Apple juice concentrate amongst other uses is used to formulate concentrated and single strength fruit juice blends. An apple juice concentrate whose quality has deteriorated during storage poses problems for the processing industries as it limits its use in the formulation of certain products. A dark coloured apple juice concentrate cannot be used to formulate light coloured beverages while an apple concentrate contaminated with microbes can only be incorporated into products with a pasteurisation treatment. It is important to evaluate the deterioration in the quality of apple juice concentrate stored at normal and at accelerated temperatures.
The physicochemical parameters and microbial counts were monitored in apple juice concentrate stored at 10 ºC (normal temperature) and at 25 ºC and 35 ºC (accelerated temperatures) over 12 weeks after which modelling of the experimental data was done. The Biolog system and (GTG)5 PCR fingerprinting were used to identify isolated yeasts.
There was a significant change (p≤0.05) in L*, b*, a*, hue, chroma, total colour difference (TCD), non-enzymatic browning index (A420nm) and 5-hydroxymethylfurfural concentration with storage time and temperature. The Q10 values for L*, b*, non-enzymatic browning index (A420nm) and 5-hydroxymethylfurfural were 1.53, 1.20, 1.81 and 5.25, respectively and activation energies were 8.17, 7.70 and 14.8 kcal mol-1 for L*, b* and non-enzymatic browning index (A420nm), respectively. Microbial growth was not observed in apple juice concentrate stored at 10 ºC while yeast and mould growth was observed after 5 weeks of storage at 25 ºC and 35 ºC. After fitting the yeast growth data into the Baranyi and Roberts model, no significant difference was observed in the lag phase for yeast growth at 25 ºC and 35 ºC while there was a significant difference p≤0.05 in the maximum specific growth rate. The theoretical minimum temperature of growth extrapolated from the Ratkowsky model was about 20 ºC. The activation energy and Q10 values for the maximum specific growth rate were 39.95 kcal mol-1 and 4.47, respectively. The isolated yeasts were identified as Kluyveromyces delphensis, Saccharomyces dairensis, Zygosaccharomyces bailii, Rhodotorula glutinis and Metchnikowia reukaufii and strain variability was observed for the species K. delphensis and S. dairensis. The higher Q10 and activation energy values for the maximum specific growth rate of yeasts in comparison with the Maillard browning parameters (L*, b* and A420nm) signify that loss in quality due to yeast growth is more rapid compared to Maillard browning.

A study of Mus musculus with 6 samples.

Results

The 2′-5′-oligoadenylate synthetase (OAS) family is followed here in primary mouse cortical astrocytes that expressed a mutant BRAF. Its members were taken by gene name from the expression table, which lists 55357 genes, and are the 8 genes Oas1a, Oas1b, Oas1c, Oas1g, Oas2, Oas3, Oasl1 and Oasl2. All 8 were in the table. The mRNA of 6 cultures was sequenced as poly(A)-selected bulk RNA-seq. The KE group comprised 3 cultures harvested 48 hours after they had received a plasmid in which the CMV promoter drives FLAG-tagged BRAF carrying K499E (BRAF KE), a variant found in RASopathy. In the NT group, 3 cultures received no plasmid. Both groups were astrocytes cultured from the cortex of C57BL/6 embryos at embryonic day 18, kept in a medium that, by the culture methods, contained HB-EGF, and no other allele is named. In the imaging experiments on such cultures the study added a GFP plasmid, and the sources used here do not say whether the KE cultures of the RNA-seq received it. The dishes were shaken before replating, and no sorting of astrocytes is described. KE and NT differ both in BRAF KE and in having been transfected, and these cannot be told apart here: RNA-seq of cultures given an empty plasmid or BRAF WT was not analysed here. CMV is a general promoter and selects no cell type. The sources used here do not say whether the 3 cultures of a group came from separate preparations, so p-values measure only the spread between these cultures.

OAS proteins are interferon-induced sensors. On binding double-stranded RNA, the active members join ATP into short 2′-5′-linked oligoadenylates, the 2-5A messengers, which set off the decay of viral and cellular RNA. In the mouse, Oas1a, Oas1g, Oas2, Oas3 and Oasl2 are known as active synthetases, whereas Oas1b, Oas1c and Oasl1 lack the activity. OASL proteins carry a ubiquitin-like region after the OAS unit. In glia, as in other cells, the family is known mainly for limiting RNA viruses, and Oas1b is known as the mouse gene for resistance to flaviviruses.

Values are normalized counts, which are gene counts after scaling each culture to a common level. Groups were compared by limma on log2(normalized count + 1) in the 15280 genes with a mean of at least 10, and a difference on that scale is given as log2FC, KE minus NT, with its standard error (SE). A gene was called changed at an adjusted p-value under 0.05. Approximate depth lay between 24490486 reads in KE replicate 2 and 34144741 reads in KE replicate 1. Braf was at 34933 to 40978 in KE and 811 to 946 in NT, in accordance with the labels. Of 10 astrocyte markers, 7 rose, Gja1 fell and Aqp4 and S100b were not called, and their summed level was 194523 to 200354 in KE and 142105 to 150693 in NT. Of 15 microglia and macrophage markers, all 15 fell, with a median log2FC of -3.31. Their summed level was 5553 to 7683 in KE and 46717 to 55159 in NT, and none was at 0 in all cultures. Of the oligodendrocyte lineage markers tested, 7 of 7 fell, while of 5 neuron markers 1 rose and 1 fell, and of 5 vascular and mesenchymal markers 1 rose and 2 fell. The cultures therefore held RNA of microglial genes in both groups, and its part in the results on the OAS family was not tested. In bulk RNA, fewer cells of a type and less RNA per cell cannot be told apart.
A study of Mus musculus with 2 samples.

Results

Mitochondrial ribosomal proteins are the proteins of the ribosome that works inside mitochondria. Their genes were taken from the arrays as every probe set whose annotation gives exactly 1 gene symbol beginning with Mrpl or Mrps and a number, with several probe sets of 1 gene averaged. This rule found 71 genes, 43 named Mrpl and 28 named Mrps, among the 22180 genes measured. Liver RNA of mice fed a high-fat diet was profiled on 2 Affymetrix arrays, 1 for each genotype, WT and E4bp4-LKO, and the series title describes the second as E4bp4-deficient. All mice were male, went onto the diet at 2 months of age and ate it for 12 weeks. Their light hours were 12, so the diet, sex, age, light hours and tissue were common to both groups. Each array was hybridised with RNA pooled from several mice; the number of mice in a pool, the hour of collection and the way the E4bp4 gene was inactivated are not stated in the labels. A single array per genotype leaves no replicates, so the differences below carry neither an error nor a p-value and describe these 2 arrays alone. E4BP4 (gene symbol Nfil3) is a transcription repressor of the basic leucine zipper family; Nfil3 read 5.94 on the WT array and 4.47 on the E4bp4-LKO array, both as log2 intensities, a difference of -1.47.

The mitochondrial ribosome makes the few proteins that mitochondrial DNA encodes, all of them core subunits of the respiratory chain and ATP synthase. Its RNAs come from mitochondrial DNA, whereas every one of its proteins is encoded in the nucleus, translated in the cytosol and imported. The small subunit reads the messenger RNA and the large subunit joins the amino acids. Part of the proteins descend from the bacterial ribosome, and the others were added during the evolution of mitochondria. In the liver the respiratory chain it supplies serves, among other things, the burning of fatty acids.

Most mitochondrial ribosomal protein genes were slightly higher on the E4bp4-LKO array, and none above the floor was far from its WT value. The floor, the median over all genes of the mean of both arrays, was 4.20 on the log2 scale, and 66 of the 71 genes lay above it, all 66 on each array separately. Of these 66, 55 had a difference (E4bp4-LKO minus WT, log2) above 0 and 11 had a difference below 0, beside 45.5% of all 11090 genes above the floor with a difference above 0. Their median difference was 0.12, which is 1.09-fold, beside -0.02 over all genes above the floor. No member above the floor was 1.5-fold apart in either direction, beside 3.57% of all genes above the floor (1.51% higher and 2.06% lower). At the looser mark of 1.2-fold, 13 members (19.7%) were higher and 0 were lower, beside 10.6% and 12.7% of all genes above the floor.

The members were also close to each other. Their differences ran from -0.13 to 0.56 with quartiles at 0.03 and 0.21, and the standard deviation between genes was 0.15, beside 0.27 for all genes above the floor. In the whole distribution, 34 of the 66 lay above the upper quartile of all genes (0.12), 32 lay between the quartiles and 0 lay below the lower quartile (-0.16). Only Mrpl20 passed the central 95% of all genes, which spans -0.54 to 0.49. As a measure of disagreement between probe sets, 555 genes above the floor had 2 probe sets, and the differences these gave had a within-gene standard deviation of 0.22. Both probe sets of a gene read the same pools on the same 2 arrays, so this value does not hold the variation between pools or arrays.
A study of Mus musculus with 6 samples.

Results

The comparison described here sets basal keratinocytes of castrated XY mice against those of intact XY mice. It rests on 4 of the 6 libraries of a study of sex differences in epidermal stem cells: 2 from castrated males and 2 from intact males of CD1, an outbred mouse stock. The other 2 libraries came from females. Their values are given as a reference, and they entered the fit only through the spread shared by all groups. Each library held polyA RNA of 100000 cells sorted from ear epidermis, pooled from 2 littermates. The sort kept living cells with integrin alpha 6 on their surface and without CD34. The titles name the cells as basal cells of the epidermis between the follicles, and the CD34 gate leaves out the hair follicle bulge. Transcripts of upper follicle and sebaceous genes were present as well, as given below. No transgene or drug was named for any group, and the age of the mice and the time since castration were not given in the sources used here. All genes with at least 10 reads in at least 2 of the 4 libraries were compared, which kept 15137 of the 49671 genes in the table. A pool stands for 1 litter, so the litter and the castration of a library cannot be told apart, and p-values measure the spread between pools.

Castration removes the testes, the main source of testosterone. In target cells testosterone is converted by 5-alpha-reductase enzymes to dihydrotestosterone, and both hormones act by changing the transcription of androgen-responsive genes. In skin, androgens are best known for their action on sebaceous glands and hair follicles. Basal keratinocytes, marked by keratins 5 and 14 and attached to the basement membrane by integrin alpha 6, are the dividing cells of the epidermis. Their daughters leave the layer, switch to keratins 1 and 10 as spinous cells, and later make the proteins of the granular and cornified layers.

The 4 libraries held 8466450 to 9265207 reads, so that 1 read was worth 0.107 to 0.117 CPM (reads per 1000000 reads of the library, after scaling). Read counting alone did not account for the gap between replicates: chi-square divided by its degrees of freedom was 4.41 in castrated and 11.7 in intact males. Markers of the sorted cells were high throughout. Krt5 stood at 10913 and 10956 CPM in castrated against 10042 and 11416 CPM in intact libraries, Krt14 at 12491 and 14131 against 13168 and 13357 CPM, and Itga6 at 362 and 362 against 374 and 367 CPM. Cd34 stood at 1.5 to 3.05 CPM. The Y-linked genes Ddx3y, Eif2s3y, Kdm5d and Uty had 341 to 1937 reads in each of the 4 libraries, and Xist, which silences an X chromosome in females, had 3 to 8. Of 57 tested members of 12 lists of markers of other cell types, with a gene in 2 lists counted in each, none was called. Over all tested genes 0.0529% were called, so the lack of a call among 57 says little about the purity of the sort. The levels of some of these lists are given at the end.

The results of this study show that under refrigerated storage temperatures deterioration in the quality of apple juice concentrate is due to Maillard browning while at accelerated storage temperatures quality loss is due to both Maillard browning and microbial growth of yeasts. At accelerated storage temperatures, darkening of the apple juice concentrate starts immediately and continues throughout the storage period. However growth of spoilage yeasts is only detected after 5 weeks of storage and proceeds rapidly thereafter resulting in spoilage.